The Indonesian government publicly announced its two first COVID-19 cases on March 2, 2020. Ten days later, the World Health Organization (WHO) increased the COVID-19 status into a pandemic [1, 2], as this disease has been spreading and infecting most of the countries worldwide. In Indonesia, the total infected cases reported on May 6, 2020 was 12,438 cases with 895 deaths . Sadly, as of September 2020, 184 health care professionals died due to the pandemic .
Health personnel who demonstrated close contact with patients with COVID-19, might experience a higher risk of infection and psychological problems. Studies show that work demands and lack of social supports increase the risk of depression and job burnout [5–7]. Medical doctors and nurses are at high-risk for emotional exhaustion and infection due to disease exposure, psychological distress , and shortage in personal protective equipment [9–12]. Also, nurses who are treating critically ill patients exhibit a considerable risk of secondary traumatic stress [13–16].
The risk for anxiety, depression, and stress is significant for health professionals [17–19]. A study in Wuhan indicated that health professionals treating patients with COVID-19 are at a considerable, if not excessive, pressure due to job demands, fatigue, and frustration, accompanied by isolation and lack of contact with their family. Besides, inadequate protective equipment might lead them to contamination and infection .
Before the pandemic, health professionals were faced with a high risk for anxiety, depression, and fatigue due to their jobs [21, 22]. Researchers reported that doctors complain about experiencing anxiety (25.67%), depressive symptoms (28.13%), and both problems (19.01%) .
Styta et al. argues that the risk factors for psychologic pressure among health professionals are their perceptions on their job’s risks, working in a high-risk environment, the diseases’ effects on their working life, and the possibility for being infected by the patients . Chai et al. explained that the cause for the same condition are that the health professionals worry about their as well as their family’s safety, particularly when treating a deceased patient . Conversely, adequate and strict infection control protocol, complete safety equipment, and solemn recognition and adequate appreciation from their institutions and government on their role in managing patients with COVID-19 are essential to increasing their psychology .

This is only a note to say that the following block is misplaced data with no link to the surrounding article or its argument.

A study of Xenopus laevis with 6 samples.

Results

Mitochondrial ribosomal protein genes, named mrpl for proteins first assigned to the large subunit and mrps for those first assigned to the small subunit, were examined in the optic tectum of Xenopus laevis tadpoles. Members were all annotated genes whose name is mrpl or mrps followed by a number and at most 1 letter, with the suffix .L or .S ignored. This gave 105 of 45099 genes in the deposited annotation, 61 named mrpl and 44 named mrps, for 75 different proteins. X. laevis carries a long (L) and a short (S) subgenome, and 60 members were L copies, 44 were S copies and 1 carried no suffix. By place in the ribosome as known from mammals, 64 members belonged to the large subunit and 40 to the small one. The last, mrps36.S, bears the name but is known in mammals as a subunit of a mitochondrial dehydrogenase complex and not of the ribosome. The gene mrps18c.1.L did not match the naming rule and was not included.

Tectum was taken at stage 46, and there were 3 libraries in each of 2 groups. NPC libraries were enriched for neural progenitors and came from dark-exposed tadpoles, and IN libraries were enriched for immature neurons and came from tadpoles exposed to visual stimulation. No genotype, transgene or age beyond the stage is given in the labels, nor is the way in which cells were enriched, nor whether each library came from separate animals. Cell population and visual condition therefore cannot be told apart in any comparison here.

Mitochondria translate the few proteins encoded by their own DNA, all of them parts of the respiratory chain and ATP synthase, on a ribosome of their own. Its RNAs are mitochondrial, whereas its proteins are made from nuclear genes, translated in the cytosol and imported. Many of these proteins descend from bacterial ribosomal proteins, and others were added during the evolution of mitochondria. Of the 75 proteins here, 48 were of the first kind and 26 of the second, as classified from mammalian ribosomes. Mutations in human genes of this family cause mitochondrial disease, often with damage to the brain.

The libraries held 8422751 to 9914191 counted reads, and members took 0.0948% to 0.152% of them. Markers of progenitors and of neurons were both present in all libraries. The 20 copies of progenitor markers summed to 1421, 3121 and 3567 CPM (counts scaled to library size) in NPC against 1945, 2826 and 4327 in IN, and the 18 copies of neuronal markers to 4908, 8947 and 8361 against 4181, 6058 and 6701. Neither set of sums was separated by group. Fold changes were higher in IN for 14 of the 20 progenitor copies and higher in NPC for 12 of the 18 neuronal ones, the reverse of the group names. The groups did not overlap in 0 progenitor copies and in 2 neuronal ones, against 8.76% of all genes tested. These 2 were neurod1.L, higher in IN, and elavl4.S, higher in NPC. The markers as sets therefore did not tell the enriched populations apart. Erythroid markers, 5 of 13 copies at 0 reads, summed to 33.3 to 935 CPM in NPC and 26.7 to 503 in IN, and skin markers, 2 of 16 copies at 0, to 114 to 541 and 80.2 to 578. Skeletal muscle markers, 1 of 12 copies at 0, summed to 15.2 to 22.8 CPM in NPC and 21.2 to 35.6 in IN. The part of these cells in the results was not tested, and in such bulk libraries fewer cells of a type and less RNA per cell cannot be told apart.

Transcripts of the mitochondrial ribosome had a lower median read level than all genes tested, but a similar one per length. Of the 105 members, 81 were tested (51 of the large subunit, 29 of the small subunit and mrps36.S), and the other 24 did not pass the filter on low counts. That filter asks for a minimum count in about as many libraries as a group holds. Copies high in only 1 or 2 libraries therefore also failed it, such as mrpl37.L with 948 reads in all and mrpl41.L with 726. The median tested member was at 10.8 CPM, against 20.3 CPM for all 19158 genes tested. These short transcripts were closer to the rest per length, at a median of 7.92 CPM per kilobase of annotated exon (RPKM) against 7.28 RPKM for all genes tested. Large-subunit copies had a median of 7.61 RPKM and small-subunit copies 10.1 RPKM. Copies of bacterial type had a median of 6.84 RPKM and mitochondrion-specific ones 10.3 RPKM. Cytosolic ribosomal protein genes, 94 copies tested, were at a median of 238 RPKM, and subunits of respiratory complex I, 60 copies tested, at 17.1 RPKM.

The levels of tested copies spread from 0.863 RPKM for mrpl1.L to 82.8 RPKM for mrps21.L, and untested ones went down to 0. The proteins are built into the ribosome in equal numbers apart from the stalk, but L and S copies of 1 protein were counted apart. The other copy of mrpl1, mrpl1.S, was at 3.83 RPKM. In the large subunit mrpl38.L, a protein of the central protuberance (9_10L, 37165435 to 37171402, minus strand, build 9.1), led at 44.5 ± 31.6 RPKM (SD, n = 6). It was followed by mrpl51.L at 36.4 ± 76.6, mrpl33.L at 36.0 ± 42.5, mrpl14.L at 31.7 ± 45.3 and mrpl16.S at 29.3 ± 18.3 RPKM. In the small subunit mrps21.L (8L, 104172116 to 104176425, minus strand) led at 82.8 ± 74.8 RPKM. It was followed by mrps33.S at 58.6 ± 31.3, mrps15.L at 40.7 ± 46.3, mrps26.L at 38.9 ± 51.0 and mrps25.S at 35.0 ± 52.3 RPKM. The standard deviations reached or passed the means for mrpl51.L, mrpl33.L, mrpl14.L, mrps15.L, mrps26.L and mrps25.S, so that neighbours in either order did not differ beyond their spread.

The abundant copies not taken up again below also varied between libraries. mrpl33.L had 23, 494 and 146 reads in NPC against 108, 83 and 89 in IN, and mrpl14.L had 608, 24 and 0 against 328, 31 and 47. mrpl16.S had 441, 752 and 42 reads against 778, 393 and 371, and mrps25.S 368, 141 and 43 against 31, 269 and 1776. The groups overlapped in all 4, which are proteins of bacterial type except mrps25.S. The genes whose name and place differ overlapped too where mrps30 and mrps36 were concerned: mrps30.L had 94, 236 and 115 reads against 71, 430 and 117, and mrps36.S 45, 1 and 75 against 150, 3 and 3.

Anxiety is a psychological condition characterized by cognitive, somatic, emotional, and behavior components , various severity level , and association with economic and social problems . A depressive disorder is a common mental health problem with mood or feeling disturbances, lack of interest or happiness, guilty feeling or low self-esteem, sleep disturbances, less appetite, low energy, and lousy concentration ability . Sadness and rejection are the most salient emotional symptoms in depressive disorder . Depressive signs and symptoms include depressive, guilty, and unworthy feelings, helplessness and desperation, psychomotor problems, lack of appetite, and sleep disturbances . Studies show that more than 30% of healthcare workers suffer from any of such psychological condition, and it is significantly associated with the currently more prevalent physical symptoms (e.g. headache, neck stiffness) during the Covid-19 pandemic [32, 33]. In addition, burnout syndrome, characterized by three dimensions, e.g. emotional exhaustion, depersonalization and personal accomplishment and typically occurs in helping professions such as healthcare professionals [34, 35] correlates to lack of performances [36, 37], which might further include social withdrawal [38, 39]. Indeed, studies have shown that health care workers experience high burnout prevalence rate, e,g, 11.23% among nurses and 51.00% among residents, globally [40, 41].
This study aims to explore the depressive, anxiety, and burnout symptoms among health care professionals as a risk of psychological trauma in handling Covid-19. Our study fills the still relatively large gap of this currently under researched topic . Our findings present the evidence on Indonesian health care personnel’s psychologic condition during COVID-19 pandemic, an important factor to be addressed within the policies combating the pandemic.